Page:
2. New populations of threatened species can be established in the wild using either captive-raised or wild-caught individuals. Animals used in translocation projects sometimes require special care and behavioral training before release as well as care and monitoring after release.
    3. Maintaining and facilitating movement dynamics is very important for protecting wildlife in their natural ecosystems. To do this, connectivity must be preserved by ensuring that habitat linkages such as wildlife corridors and stepping stone habitats that are intact, functional, and free from human-made obstacles.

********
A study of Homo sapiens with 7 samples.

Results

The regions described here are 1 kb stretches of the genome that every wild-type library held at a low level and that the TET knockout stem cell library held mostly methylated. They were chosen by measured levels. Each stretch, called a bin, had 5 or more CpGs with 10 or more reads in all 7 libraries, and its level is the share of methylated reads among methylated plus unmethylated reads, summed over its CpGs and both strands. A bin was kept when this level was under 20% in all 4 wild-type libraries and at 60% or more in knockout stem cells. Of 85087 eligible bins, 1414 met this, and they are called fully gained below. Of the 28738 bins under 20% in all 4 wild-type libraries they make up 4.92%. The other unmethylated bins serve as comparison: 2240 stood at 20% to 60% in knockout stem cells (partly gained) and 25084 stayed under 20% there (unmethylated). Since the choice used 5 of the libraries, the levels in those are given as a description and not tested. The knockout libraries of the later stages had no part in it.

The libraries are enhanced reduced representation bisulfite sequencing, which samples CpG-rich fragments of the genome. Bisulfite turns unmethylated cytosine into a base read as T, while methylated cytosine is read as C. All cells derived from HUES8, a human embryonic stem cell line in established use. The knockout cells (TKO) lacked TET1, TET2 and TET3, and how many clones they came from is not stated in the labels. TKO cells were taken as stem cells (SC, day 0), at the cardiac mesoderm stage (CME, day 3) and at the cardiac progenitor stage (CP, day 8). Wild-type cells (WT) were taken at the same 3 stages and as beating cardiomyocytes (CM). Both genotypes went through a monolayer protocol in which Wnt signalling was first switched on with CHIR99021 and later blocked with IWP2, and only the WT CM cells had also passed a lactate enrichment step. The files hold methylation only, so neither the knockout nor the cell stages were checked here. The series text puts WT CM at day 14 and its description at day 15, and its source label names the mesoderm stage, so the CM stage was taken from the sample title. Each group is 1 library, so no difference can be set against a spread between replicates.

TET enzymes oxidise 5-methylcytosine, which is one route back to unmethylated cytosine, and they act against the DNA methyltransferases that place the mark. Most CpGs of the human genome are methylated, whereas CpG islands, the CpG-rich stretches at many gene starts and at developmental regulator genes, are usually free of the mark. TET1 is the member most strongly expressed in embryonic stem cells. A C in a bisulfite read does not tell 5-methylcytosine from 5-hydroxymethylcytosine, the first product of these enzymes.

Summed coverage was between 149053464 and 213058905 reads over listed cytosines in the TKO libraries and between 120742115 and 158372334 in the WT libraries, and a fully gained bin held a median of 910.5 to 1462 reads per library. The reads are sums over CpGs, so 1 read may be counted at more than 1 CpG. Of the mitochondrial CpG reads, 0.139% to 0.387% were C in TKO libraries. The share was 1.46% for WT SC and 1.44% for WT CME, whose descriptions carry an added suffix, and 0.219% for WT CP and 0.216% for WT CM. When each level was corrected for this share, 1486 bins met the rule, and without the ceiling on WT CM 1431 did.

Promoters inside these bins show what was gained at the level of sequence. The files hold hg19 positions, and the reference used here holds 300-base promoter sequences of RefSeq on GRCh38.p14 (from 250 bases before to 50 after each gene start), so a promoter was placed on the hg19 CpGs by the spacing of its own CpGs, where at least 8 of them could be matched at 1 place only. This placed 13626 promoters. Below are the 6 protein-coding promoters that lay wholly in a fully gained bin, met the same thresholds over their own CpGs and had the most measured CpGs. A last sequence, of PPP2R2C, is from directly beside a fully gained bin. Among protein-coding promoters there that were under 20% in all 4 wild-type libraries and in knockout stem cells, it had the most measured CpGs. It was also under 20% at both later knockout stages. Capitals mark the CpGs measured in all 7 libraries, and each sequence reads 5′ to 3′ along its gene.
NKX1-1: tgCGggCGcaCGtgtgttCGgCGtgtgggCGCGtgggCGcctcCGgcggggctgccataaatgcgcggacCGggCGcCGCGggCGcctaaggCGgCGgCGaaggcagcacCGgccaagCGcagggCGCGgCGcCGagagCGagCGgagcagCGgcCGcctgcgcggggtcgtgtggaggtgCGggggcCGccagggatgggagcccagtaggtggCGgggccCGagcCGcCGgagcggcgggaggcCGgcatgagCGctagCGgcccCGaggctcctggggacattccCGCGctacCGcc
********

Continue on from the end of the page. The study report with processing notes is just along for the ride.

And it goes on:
4. Preventing biodiversity losses under climate change requires ecosystem preservation, maintaining and restoring climate corridors and refugia, and assisted colonisation for species unable to adapt their ranges quick enough.
    5. Some species that are in danger of going extinct in the wild can be maintained in zoos, aquaria, botanical gardens, and seed banks; this strategy is known as ex situ conservation. Ex situ conservation contributes to field conservation through research, skills development, public outreach, conservation education, fundraising, captive breeding, and head-starting.

    This page titled 11.7: Summary is shared under a CC BY 4.0 license and was authored, remixed, and/or curated by John W. Wilson & Richard B. Primack (Open Book Publishers) via source content that was edited to the style and standards of the LibreTexts platform; a detailed edit history is available upon request.